By Joe Nelson, The Sun
POSTED: 01/14/14, 4:33 PM PST | UPDATED: 3 HRS AGO
SAN BERNARDINO >> Staff and patients from the AIDS Healthcare Foundation’s Upland clinic gathered at Tuesday’s Board of Supervisors meeting to complain about the county terminating its contract with the clinic to provide funding through the federal Ryan White HIV/AIDS Program.
Termination of the contract could shutter the clinic, which has been in operation for the last 13 years, and reroute patients to primary care physicians under new healthcare reform laws.
“Patient transition is an immediate concern for AHF because it will directly impact the continuum of care for people living with HIV and AIDS,” Patricia Bermudez, director of grants administration for the AIDS Healthcare Foundation, told county supervisors Tuesday. “We really have a focus on patient care. We would like our patients to receive the best health care possible given that they are a high acuity and high-needs population in the county.”
She said AHF has been receiving funding from the county through the Ryan White program for the last six years. Its most recent award through the federal program was for $360,000, and the contract ends on Feb. 28.
The AIDS Healthcare Foundation is a Los Angeles-based nonprofit that provides health care and advocacy for more than 200,000 patients in 28 countries infected with HIV or suffering from AIDS.
AHF administrators put in a bid for another contract and more funding, but received a letter dated Jan. 8 from the county’s Department of Human Services informing them AHF had not been recommended for another contract.
The Affordable Health Care Act has forced the county to steer some of its traditional healthcare programs toward Covered California, where individuals who previously did not qualify for Medicare and Medicaid services now qualify, county Public Health Director Trudy Raymundo said.
She said HIV and AIDS patients can be linked to the healthcare services they need under the new system.
“One of the major tenets behind healthcare reform is the idea of integrated medical homes – linkages to specialists or other ancillary services,” Raymundo said.
For the patients who have sought treatment and services at the Upland clinic, news that it could be closing if funding is cut was sobering news. Some shared their concerns with the Board of Supervisors at Tuesday’s meeting.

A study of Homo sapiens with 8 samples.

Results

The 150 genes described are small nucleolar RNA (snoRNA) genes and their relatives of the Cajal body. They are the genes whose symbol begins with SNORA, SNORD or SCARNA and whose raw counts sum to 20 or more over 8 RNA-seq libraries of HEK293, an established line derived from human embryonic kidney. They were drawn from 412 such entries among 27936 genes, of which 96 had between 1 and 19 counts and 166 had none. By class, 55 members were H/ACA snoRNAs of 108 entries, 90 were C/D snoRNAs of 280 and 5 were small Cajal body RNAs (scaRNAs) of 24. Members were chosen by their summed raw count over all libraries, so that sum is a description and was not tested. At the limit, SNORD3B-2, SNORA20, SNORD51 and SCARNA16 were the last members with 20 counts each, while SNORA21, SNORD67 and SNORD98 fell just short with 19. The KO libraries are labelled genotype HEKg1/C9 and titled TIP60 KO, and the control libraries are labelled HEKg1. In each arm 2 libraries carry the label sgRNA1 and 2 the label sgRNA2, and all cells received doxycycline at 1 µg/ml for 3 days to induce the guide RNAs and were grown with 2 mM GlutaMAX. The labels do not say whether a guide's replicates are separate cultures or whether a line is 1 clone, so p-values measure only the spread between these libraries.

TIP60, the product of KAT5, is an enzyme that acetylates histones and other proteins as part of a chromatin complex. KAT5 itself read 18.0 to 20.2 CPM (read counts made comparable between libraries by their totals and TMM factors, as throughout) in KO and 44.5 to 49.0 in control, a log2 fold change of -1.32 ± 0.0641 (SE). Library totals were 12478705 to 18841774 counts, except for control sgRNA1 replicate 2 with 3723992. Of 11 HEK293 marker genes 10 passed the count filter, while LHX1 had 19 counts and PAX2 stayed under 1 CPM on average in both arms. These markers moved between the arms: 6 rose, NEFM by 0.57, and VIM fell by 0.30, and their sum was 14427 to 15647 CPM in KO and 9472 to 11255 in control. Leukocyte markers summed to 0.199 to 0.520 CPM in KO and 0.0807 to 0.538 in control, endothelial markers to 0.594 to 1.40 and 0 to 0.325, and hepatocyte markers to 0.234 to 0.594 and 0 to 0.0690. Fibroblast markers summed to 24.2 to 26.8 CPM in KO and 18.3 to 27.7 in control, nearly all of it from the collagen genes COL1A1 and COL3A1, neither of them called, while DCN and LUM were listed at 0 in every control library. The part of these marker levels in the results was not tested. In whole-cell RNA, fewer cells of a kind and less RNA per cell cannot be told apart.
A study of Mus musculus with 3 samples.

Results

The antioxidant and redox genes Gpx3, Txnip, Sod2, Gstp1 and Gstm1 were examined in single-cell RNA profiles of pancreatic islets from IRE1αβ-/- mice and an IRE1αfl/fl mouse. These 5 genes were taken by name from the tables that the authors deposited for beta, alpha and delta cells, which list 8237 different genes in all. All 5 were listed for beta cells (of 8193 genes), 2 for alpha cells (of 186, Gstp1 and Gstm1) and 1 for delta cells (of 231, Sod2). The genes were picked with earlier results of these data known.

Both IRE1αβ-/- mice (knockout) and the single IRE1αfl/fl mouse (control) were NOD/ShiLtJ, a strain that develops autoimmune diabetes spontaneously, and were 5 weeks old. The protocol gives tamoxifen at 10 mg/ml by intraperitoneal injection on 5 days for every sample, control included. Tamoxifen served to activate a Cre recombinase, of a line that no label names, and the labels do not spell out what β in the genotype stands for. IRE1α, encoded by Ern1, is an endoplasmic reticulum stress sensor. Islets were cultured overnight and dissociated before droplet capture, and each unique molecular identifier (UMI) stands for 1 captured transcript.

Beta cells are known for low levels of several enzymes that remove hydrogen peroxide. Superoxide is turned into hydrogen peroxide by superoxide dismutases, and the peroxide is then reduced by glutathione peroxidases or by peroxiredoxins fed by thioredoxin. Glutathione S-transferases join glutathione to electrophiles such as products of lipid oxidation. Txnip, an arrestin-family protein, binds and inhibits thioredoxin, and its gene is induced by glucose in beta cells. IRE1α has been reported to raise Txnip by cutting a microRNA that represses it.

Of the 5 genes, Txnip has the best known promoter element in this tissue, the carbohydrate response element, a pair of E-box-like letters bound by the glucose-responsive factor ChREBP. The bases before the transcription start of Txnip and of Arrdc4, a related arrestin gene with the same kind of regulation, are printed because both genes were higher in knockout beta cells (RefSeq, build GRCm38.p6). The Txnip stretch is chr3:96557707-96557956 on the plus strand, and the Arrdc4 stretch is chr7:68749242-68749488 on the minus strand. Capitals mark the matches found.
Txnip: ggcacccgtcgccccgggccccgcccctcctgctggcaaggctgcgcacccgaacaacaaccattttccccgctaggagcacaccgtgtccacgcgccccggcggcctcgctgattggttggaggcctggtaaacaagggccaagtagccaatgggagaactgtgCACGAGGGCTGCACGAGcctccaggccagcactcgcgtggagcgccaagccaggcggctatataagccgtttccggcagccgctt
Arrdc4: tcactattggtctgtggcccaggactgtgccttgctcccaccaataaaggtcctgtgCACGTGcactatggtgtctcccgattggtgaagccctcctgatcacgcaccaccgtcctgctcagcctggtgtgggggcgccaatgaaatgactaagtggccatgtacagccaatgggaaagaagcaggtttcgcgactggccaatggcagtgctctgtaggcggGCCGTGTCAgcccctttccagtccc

“I’m afraid if the clinic closes it will take me longer to go to a new clinic and it will affect my health,” said patient Olga Ruvalcaba, who addressed the board in Spanish and had a friend interpret in English for the board.
She said she has been living with HIV for 12 years, has two daughters and was previously homeless before AHF began getting her treatment and helped her find a home.
Patient Mel Menjivar said he was recently diagnosed with HIV and has been an AHF patient for the last month.
“With funding being denied to AHF Upland clinic, I’m worried that some of the quality (of health care) that I may receive may be diminished or that care may not be there,” Menjivar said. “I don’t feel comfortable going to any facility where the staff doesn’t understand my medical needs.”
Patients complained that the Department of Public Health offices, where they can get treatment and where they would have to go if the AHF clinic closes, are only open on Fridays.
Raymundo said she will be meeting with Bermudez and other AHF administrators (this) morning to discuss the transition.
“It’s to have that informal discussion on why we’re making this recommendation, our thought process behind it and some of our ideas on why we are moving in this direction,” Raymundo said.
ABOUT THE AUTHOR
Joe Nelson covers San Bernardino County for The Sun, Daily Bulletin and Redlands Daily Facts. Reach the author at [email protected] or follow Joe on Twitter: @sbcountynow.